Unite to save science

By: RILEY FANNING

Staff Writer


With the recent March for Science and the People’s Climate March occurring so close in time to one another, one must wonder why they did not join forces to create one giant protest.

On Earth Day, people in Washington D.C. and other cities nationwide protested for science. At the core, the main message was anti-Trump and his proposed budget cuts on climate change. Essentially, it was a fight for rationality against a cabinet of alternative facts.

A week later, another march occurred on April 29 specifically for climate change due to the recent claims from President Trump that climate change is not real. The separation of these two events makes little sense, and seems disorganized.

The People’s Climate March is essentially the same as the March for Science. The core message of the climate-centered movement is to make a statement to the new administration. The March for Climate website states “On the 100th Day of the Trump Administration, we will be in the streets of Washington D.C. to show the world and our leaders that we will resist attacks on our people, our communities and our planet.”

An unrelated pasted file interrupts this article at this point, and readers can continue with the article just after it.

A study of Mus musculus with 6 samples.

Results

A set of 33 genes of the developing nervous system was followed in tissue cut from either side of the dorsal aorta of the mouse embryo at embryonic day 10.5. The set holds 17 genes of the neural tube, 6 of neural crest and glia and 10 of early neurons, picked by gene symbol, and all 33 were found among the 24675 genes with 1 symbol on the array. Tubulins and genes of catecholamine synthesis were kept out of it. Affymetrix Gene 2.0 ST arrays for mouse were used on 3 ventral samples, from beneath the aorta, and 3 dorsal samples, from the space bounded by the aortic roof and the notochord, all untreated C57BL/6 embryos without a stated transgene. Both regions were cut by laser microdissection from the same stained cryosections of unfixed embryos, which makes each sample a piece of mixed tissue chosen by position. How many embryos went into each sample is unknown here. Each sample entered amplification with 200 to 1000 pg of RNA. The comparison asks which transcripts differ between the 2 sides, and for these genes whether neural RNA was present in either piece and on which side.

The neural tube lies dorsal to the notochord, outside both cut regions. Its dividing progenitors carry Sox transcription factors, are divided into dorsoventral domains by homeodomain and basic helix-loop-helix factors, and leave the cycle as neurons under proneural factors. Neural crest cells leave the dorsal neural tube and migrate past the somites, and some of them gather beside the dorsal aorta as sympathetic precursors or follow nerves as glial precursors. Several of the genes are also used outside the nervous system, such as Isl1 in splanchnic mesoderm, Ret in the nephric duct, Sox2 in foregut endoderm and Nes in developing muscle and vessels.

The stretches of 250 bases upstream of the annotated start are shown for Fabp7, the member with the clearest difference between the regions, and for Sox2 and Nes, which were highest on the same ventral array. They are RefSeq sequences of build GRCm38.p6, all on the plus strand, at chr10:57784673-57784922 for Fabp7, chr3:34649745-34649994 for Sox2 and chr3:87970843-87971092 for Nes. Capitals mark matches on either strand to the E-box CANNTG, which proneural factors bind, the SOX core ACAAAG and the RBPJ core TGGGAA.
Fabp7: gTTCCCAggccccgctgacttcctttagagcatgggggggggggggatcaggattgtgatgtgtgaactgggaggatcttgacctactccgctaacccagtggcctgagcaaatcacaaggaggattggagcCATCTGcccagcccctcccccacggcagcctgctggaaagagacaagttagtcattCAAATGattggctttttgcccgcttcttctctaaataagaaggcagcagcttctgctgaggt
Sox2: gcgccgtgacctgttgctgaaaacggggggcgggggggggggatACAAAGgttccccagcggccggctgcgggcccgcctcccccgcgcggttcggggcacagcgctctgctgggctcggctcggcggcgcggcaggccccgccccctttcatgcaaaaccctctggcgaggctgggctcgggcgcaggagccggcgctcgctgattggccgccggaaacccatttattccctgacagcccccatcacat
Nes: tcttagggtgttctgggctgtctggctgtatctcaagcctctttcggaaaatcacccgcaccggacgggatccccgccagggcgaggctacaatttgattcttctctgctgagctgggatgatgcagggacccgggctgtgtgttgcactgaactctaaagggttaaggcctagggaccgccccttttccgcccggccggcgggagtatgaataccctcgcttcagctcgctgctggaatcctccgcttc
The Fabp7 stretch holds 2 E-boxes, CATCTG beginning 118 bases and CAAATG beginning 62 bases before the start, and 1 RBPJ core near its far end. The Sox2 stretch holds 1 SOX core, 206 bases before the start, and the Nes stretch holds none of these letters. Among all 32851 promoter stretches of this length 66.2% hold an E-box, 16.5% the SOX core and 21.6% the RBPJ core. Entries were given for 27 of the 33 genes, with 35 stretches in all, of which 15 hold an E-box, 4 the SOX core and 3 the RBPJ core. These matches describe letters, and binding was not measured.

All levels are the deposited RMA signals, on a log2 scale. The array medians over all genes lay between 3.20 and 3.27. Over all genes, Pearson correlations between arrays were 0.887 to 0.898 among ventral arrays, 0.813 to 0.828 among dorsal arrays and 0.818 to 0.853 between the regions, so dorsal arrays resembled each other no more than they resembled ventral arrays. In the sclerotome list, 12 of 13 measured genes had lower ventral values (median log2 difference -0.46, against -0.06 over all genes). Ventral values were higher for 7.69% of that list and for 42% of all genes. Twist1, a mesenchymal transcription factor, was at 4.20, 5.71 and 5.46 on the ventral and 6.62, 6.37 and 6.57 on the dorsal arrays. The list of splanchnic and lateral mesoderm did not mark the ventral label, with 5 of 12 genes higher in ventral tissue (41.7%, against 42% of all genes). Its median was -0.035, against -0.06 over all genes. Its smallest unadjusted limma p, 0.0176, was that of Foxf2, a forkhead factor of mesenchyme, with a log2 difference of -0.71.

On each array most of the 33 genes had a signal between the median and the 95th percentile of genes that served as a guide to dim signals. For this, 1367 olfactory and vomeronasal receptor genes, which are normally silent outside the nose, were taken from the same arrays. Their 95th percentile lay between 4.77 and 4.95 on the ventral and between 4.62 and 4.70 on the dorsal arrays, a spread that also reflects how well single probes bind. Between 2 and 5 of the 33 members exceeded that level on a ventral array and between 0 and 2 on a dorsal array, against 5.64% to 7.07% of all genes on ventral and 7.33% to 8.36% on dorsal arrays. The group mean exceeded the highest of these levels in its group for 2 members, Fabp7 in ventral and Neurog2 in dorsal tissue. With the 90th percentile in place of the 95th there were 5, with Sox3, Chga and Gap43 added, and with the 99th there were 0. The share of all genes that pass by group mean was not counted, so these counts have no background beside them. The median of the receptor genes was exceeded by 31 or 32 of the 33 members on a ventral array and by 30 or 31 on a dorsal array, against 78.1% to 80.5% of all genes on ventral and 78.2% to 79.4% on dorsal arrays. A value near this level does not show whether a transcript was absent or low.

The March for Science had a nearly identical goal, and similar mission statement. The March for Science Website states “We unite as a diverse, nonpartisan group to call for science that upholds the common good and for political leaders and policymakers to enact evidence-based policies in the public interest.”

The split of these two marches seems unnecessary and sloppy. They are both based in the idea that science and fact should be fought for. These are great ideas, but the dichotomy between the two protests is actually harmful to the mission. Both have the same aims, and both are under the umbrella of science. Making two entirely different marches that could have come together is excessive.

It would have made much more of an impact to combine forces and have one large march. Protests for movements such as Black Lives Matter and the Women’s March have been able to have huge impacts due to their singular message. With the March for Science and the People’s Climate March splitting up, the message becomes confused. Instead of helping the cause, the different marches become somewhat counteractive and muddled.

Protests and marches can ignite real change, but when the message branches off and breaks down into pockets, the ideology is weakened. Unity should be the focus of a protest, bringing together people who believe in the same things. In the future, similar protests for the same cause should come together in order to have a larger social effect.